Prepared by the Renewable Fuels Association and Growth Energy (June 2020)
The California Health and Safety Code (HSC 43830.8) requires that a multimedia evaluation (MME) be conducted and reviewed by the California Environmental Policy Council (CEPC) before specifications for new motor fuels can be adopted by the California Air Resources Board. The purpose of the MME is to develop information that will enable the CEPC to determine whether a new fuel specification would cause any significant adverse impacts to public health or the environment. Ethanol blended in California gasoline up to 15 percent by volume (E15) is currently undergoing the MME process.
Ethanol is a liquid alternative fuel that can be blended in California gasoline up to 10 percent by volume (E10), the maximum ethanol content allowed by California gasoline regulations (ethanol can also be blended up to 85 percent with gasoline as ethanol flex fuel (E85) for use in flex fuel vehicles). Ethanol is a renewable fuel with lower carbon intensity than petroleum-derived gasoline.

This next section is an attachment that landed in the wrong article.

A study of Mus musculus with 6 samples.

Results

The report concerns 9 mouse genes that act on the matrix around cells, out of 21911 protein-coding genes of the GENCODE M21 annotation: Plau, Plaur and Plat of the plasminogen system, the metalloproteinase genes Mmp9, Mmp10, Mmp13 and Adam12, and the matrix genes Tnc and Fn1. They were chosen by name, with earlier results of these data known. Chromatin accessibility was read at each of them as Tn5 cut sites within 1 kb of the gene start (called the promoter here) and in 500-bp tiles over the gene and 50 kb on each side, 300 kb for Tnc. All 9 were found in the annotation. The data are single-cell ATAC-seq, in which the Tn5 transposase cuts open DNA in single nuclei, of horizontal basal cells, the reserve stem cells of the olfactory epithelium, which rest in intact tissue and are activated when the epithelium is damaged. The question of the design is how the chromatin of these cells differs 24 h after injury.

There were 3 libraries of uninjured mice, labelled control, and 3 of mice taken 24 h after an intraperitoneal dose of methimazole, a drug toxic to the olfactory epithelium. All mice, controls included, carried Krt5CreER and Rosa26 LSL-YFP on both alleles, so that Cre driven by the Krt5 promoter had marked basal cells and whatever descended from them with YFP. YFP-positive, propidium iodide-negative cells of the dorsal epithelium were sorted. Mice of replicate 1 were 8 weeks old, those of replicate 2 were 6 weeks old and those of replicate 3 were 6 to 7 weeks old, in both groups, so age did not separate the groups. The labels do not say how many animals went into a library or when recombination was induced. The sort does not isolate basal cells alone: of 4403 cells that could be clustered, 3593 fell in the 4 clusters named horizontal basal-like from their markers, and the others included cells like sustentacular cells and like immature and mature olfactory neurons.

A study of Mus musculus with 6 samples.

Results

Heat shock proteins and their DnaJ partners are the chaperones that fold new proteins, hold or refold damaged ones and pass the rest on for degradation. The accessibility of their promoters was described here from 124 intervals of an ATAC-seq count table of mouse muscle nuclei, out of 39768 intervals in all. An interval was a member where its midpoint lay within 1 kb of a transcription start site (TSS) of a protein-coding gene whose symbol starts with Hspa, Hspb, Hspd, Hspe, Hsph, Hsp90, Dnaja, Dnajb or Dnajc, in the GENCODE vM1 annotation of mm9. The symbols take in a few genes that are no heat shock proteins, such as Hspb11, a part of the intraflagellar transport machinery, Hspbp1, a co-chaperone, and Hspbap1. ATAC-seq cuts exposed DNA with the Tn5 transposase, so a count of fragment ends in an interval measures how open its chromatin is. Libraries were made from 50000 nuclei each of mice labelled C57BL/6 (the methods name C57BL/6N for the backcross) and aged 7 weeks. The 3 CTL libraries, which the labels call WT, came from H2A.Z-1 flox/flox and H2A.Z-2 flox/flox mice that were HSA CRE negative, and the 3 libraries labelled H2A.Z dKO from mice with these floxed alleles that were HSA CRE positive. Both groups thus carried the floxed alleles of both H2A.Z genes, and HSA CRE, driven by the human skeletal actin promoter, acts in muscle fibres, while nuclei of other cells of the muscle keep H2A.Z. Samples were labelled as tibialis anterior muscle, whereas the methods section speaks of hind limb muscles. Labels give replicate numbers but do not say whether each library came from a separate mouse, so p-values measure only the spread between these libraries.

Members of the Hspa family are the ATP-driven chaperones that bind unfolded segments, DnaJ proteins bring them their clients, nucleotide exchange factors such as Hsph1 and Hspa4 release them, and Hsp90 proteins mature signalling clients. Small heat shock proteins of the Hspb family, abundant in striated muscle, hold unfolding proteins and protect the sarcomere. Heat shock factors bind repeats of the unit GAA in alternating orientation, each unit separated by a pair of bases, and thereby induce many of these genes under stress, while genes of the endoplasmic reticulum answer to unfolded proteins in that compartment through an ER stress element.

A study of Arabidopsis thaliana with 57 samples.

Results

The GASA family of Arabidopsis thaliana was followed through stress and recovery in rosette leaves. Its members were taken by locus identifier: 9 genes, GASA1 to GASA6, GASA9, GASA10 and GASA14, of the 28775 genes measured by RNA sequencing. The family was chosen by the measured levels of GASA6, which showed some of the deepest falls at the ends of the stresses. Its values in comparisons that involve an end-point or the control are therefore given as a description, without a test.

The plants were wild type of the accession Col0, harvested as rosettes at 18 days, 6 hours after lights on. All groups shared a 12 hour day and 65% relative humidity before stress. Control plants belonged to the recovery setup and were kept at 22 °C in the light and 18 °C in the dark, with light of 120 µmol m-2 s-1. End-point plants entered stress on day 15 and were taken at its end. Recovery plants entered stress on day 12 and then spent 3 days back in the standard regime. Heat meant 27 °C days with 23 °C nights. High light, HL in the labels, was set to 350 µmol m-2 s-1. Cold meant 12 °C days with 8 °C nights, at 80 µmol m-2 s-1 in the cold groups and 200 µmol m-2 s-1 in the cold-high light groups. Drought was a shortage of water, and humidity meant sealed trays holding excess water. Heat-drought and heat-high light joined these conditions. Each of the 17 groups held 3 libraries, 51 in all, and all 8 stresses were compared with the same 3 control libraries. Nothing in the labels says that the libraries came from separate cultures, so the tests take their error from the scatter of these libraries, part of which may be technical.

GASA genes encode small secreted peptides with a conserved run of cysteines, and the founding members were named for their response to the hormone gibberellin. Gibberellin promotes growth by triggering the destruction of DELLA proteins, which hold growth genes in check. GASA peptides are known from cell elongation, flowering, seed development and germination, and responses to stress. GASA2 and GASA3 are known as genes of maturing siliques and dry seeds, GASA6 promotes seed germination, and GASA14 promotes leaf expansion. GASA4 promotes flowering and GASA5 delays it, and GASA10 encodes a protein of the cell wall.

The Tier I report is the first step in a three-tier process evaluating the cumulative health and ecological impacts from releases to air, surface water, groundwater and soil at all stages of the ethanol life-cycle: production, storage and distribution, and use. The risk posed by E15 in gasoline is assessed as a relative risk compared to E10 in California gasoline currently in use.
As a part of the MME for E15, CARB contracted with the University of California at Riverside (UCR) Bourns College of Engineering – Center for Environmental Research and Technology (CE-CERT) to evaluate exhaust emissions from the use of California Reformulated Gasoline (CaRFG) that contains 15 volume percent ethanol (E15). Two fuels (E10 and E15) were tested on twenty vehicles (2016 and newer gasoline-fueled) over triplicate Federal Test Procedure (FTP) cycles. The report is available at: Comparison of Exhaust Emissions Between E10 CaRFG and Splash Blended E15.